Halloween may be long over, but the Lehman College Art Gallery is bringing gothic culture to the forefront.
The gallery, housed on Lehman’s campus at 250 Bedford Park Blvd., presents “Dark and Stormy Night: Gothic Influence in Contemporary Art,” an exhibition dedicated to new artistic takes on medieval gothic architecture and gothic literature.
The idea was the brainchild of gallery director Bartholomew Bland after joining the Lehman team last year. The gothic architecture of some buildings on campus — from their slender towers to pointed arches — fascinated him.
So when it came time to put a new exhibit together, Bland asked the gallery’s curatorial assistant Laura De Riggi, “How can we tap into this? Can we do something really great about it?”
From there, the gallery acquired work from 34 artists whose pieces range from stained glass artwork within a light box that can be turned on and off, to a painting of Edgar Allan Poe crossing the street on Grand Concourse.
Picking a favorite is tough for De Riggi, but there are two that stand out to her.
One is “Death Portrait of Kelly York,” an oil painting by Zane York, the husband of the woman featured. In the piece, York’s wife is dead and surrounded by honeybees, inspired by the fact Kelly switched careers to involve bees despite being deathly allergic to them.
De Riggi is captivated by the concept because she said it makes one reevaluate their life. And it’s made her think about what she would do if she were in the same predicament.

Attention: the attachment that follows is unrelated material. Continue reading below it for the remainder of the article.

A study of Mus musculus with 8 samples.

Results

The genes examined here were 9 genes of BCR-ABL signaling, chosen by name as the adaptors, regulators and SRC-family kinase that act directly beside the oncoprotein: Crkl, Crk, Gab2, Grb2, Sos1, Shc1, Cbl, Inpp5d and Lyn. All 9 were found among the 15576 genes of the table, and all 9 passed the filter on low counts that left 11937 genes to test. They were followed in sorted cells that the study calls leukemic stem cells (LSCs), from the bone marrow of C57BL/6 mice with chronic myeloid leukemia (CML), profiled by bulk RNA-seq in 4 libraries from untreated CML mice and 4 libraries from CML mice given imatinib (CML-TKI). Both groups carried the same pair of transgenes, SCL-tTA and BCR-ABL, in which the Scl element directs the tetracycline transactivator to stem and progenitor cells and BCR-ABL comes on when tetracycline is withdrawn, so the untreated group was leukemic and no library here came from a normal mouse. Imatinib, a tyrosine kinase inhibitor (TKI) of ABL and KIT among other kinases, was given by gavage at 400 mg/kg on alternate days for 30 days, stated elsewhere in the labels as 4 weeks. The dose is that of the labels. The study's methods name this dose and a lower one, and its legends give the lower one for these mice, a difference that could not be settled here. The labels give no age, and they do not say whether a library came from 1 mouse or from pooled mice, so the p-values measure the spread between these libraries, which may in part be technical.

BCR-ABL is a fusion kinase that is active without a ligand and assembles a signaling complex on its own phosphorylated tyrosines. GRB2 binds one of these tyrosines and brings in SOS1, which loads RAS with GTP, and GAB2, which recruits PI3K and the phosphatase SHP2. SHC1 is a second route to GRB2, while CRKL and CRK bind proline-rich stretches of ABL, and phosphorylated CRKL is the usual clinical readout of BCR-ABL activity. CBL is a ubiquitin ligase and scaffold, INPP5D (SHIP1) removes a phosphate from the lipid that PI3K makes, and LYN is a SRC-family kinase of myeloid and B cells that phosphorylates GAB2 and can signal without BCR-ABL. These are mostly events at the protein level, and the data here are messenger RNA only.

“If I was allergic to paint, how would I come to work every day if I knew I was going to die?” De Riggi said. “Would I still do what I do if I was going to die or if there was a chance I was going to die?”
The other piece is a series of death portraits made by Heide Hatry — except they aren’t paintings. Instead, they’re made from the ashes of the deceased subjects, with permission from the families.
“Commemorating them in this way is such a modern thing,” De Riggi said.
Since the gallery is accessible to students on campus, plenty of English, art and continuing education classes have been drawn toward Hatry’s death portraits. Many of the younger students seemed to be “shocked and impressed” that the gallery was able to bring them to campus, De Riggi said, and “can’t believe it’s legal” to make use of someone’s ashes for art.
The overall response to the exhibition has been the most positive De Riggi has seen in her year of working at the gallery.
“It makes people think about death, and I think a lot of times it’s not talked about,” she said. “And I think this is bringing it up in a pretty way, and making gothic popular again.”
Although there might be a lot of doom and gloom in the exhibit’s subject matter, De Riggi still sees an upside.
“Even though there’s so much death in gothic (work), there’s also so much life,” she said. “We still have so much life.”